After explaining the basics in my previous blog, see link, now we will dive a bit deeper in Azure networking. After setting up the Virtual Network, Subnets, Network Security Groups and perhaps some Application Security Groups you might have to create some more complex stuff like Virtual Network Gateways, User Defined Routes (UDRs) en Private Endpoints.
Virtual Network Gateway
A virtual network gateway is a service within the Azure platform that gives you the ability to connect your on-premise environment to the virtual network in Azure. This service comes in many flavors, each with its own characteristics. For testing purposes, you can create a Basic virtual network gateway, but for production workloads a Basic one is not supported. While creating, u will be asked if you need a route or policy based VPN. The differences between route-based and policy-based are well explained by Microsoft. For further information, check the useful links section. While choosing the right flavor, you require information about the bandwidth that the VPN needs to handle. Based on that information, u decide on which Stock Keeping Unit (SKU) you require. At the moment, Azure offers 15 SKUs, all with different specifications depending on the needs of the customer. In my opinion, the VpnGw1 is the most common and most chosen. The VpnGw1 has no zone redundancy, if you need this you have to choose VpnGw1AZ, where that AZ stands for Availability Zone support.
User Defined Routes
Now that we have a connection from on-premise or a datacenter to Azure, you may want to regulate some traffic, this can be done by using User Defined Routes (UDRs). User defined routes are routes in Azure to override Azure’s default system routes, or to add additional routes to a subnet’s route table. Unlike Network Security Groups (NSGs) user defined routes can only be associated to a subnet. User defined routes are not always needed, they come in handy when you want to prevent the default Azure routing from taking over. For example, the default route between subnets are handled by Azure, but if you want to have a packet inspected before it routes to its destination, you need to direct the default route to a device that can inspect the packets. In one of my next blog, I will set up a device that can inspect packages and show that the packets are flowing through the device. If you want to check if you or a customer is using user defined routes, you have to go search for ‘route tables’ in the portal. In the ‘subnet associations’ part, you can see if there is a subnet associated to the user defined route. If there is a subnet associated and there are no routes set in the route table, the default Azure routes still work. So in order to use user defined routes, you need the following things:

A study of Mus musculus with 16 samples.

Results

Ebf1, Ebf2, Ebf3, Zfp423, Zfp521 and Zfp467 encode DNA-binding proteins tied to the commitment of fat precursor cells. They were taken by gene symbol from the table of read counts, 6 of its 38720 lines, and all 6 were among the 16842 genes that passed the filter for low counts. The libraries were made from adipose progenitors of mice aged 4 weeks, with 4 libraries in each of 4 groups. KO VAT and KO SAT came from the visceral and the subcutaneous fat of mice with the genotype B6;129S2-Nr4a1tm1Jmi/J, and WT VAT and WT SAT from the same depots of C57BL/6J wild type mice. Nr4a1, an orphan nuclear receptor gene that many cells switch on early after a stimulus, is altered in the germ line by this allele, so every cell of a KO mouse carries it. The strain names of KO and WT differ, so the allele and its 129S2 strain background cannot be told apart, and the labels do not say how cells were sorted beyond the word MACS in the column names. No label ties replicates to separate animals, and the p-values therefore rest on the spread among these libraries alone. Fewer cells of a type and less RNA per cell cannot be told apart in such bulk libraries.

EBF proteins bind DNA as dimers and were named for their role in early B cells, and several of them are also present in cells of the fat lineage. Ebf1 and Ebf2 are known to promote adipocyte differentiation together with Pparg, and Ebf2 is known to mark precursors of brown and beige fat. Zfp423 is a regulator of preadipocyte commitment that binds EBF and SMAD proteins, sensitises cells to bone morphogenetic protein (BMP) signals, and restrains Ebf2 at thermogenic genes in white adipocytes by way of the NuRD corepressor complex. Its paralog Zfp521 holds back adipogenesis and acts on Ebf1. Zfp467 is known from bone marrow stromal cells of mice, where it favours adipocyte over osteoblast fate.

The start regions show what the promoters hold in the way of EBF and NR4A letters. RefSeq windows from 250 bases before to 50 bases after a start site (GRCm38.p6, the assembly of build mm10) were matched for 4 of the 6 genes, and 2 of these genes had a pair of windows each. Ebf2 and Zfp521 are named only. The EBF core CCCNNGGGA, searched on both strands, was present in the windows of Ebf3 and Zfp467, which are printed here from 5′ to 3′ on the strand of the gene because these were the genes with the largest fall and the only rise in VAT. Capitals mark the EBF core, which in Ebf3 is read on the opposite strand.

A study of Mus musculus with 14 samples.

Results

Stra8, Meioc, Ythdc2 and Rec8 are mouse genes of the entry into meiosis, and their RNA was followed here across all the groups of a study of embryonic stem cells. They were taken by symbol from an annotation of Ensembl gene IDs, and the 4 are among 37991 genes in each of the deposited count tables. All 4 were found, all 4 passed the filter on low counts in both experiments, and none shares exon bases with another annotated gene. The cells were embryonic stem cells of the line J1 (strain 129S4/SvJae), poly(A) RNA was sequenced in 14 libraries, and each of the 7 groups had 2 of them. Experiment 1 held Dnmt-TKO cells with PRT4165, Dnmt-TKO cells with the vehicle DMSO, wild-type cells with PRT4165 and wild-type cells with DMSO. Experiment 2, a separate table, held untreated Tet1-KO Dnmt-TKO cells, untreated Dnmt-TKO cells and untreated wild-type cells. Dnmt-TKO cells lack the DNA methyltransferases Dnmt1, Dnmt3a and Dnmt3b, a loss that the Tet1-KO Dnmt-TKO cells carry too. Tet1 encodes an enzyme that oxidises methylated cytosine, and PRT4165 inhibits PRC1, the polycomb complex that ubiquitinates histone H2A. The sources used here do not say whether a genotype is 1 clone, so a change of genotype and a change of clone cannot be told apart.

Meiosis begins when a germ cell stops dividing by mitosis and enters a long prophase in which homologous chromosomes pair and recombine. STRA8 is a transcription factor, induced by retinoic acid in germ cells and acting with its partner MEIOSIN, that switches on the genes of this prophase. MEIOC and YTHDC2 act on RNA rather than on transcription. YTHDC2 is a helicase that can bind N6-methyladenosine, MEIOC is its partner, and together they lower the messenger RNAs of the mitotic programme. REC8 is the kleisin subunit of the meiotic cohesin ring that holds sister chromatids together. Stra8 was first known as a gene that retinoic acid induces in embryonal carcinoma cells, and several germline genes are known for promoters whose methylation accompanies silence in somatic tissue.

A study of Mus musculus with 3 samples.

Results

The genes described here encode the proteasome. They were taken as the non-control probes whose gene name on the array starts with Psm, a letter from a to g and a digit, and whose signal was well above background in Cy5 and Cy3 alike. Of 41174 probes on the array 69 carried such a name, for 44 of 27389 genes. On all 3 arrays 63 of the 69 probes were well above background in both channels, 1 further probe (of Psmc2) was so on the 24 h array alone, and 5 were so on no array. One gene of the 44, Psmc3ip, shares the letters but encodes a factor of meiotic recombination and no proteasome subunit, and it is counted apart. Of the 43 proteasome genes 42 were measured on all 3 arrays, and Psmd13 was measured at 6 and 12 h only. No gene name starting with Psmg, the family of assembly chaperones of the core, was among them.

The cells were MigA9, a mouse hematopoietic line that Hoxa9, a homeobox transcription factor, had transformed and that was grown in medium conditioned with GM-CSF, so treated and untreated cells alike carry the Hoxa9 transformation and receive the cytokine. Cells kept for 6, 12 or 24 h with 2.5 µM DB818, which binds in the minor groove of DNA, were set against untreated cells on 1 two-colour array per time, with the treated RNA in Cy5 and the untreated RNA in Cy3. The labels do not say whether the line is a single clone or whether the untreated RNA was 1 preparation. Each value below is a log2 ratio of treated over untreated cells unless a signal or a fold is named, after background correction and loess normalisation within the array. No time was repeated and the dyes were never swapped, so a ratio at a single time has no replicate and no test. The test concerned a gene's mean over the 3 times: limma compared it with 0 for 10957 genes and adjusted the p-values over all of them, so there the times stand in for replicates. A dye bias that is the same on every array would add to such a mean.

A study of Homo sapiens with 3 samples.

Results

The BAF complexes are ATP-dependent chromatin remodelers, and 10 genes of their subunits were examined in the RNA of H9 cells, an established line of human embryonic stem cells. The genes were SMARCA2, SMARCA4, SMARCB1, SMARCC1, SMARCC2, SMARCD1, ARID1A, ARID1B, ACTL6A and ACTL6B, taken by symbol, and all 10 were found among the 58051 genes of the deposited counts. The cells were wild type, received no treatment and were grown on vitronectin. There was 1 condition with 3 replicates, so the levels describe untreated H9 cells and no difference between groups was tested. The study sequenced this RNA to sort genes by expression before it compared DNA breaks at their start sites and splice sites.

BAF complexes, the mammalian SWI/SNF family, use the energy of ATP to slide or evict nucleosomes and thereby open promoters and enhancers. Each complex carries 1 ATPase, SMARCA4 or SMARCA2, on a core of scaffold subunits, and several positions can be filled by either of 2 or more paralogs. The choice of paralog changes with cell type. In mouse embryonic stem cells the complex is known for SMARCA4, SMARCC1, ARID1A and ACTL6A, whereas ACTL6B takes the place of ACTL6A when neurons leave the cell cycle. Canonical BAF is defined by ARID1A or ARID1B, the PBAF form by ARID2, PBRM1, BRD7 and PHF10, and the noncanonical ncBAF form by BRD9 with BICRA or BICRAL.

- Create a route table through the portal or PowerShell;
- Assign a route table to a subnet;
- Define routes within the route table.
Another great feature of Azure is a private endpoint. A private endpoint is a network interface that uses a private IP address from your virtual network. Private endpoints can be used for multiple Azure services, like Azure Storage or Azure SQL. The normal way of communicating to these services are public facing, but when using private endpoints these services become part of your private network. For example, if you have an address space of 10.0.0.0/23 and a subnet of 10.0.1.0/24, the private endpoint of an Azure SQL server can become 10.0.1.10. By using this type of communication to Azure services, clients don’t need public access to internal services anymore. In many organizations, this is a requirement on a security level.
Azure offers many great networking features for connecting on-premises environments to Azure networks. Also, in order to keep control over the packets within your Azure network, there are also some great possibilities available.